WHEN EAST MET WEST -- IN 1893



“Sisters and Brothers of America!”  

The audience rose to its feet.  The ovation lasted for two minutes.


Vivekananda was born in a conquered country.  By 1863, India was under British rule, and young Narendra Datta had to straddle two cultures.  Though fascinated by Hinduism, he also studied at a British school in Calcutta.  There one teacher found him “a genius.”  The young man could memorize whole chapters of Dickens or the Bible, but his true gift was in speaking.  And when he began following the guru Ramakrishna, he soon spoke all over India.


“I want you to keep your own belief,” the swami told audiences in Memphis and Minneapolis, San Francisco and Saginaw.  “I want to make the Methodist a better Methodist; the Presbyterian a better Presbyterian; the Unitarian a better Unitarian. I want to teach you to live the truth, to reveal the light within your own soul.”  Americans, hungry for an end to religious squabbles, listened — and read.  Vivekananda’s first book introduced Americans to the discipline that, though thinned of its religious component, is now known simply as yoga.

The world is the great gymnasium where we come to make ourselves stronger.
— Swami Vivekananda

The warmest welcome came in the chilliest place — Harvard.  Founded by Puritans, still the stodgiest of American universities, Harvard boasted the nation’s most brilliant philosophers.  William James.  George Santayana.  Josiah Royce.  Each bombarded his students with isms — “pluralistic monism, dualistic scientificism, pragmatism. . .”  Surely a Hindu monk, preaching “renunciation and service,” would fall on deaf ears at upper crust Harvard.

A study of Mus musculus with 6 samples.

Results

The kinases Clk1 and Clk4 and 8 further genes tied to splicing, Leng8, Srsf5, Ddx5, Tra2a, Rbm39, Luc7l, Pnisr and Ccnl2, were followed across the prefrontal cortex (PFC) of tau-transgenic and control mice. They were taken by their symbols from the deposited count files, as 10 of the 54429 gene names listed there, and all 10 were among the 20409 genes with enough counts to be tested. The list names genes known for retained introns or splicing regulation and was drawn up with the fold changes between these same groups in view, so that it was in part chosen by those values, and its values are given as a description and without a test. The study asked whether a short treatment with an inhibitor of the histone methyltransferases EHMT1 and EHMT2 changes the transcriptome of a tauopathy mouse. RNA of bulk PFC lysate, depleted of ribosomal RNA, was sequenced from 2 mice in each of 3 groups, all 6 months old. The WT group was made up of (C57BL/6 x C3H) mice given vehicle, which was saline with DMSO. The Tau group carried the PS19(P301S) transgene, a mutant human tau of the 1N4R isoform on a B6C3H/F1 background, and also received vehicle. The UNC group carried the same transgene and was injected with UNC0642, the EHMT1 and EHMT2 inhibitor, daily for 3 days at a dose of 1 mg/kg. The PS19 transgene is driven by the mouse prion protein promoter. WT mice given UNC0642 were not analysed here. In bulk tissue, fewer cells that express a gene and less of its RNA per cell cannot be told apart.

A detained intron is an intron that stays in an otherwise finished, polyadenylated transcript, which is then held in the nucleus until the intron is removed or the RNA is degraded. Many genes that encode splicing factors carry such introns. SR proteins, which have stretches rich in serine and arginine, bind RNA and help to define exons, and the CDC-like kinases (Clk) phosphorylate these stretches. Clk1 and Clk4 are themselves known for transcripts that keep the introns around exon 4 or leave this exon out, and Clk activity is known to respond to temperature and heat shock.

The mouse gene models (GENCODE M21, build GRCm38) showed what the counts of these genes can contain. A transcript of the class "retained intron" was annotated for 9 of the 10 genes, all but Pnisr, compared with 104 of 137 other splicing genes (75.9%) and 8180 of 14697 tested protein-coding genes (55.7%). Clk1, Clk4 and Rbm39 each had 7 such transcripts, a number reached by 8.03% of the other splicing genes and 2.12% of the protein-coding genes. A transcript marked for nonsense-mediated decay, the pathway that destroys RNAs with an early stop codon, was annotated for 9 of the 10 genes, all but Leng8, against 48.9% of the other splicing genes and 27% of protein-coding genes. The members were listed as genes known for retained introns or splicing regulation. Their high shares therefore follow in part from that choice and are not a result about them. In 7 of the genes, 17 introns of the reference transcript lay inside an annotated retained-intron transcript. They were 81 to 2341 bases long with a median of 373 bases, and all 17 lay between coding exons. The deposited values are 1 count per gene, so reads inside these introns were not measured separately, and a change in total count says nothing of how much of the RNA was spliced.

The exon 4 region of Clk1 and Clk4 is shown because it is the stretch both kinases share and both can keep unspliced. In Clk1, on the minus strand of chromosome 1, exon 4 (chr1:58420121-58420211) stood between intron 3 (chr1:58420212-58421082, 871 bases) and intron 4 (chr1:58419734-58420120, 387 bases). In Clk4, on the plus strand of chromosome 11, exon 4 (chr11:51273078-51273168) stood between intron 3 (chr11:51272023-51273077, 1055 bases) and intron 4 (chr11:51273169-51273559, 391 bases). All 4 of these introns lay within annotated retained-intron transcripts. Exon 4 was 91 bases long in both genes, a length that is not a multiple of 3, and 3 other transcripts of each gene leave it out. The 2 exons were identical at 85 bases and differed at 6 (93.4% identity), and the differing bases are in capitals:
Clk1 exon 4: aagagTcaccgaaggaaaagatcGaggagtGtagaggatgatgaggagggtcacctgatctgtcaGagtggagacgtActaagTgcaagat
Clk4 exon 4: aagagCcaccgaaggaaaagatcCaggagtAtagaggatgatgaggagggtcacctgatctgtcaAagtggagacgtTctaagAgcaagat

Vivekananda came to Harvard at the end of his first American tour.  Before a crowd of 600, he explained the Vedantic philosophy, based on the Rig Veda, the world’s oldest scripture.  The human soul is one with the universe.  There is no separation, no Us vs. Them, no East is East. . . “Due respect and reverence should be paid to all religions, all preachers, and to the deities worshiped in all religions."


“I was really disappointed.”

“Why?”

“Well, we were told that this man was so great, that his ideas were so profound.”

“What makes you say his ideas aren’t profound?”

“Because I understood every word he said!”

Equally impressed, Harvard profs asked Vivekananda to chair their Eastern Philosophy department.  He declined. He had speaking engagements in Europe.


“This world must go on, wheel within wheel.  What can we do?  We can make it run smoothly, we can lessen friction, we can grease the wheels, as it were.  By what?  By recognizing variation. . .  We must learn that truth may be expressed in a thousand ways, and each one yet be true.”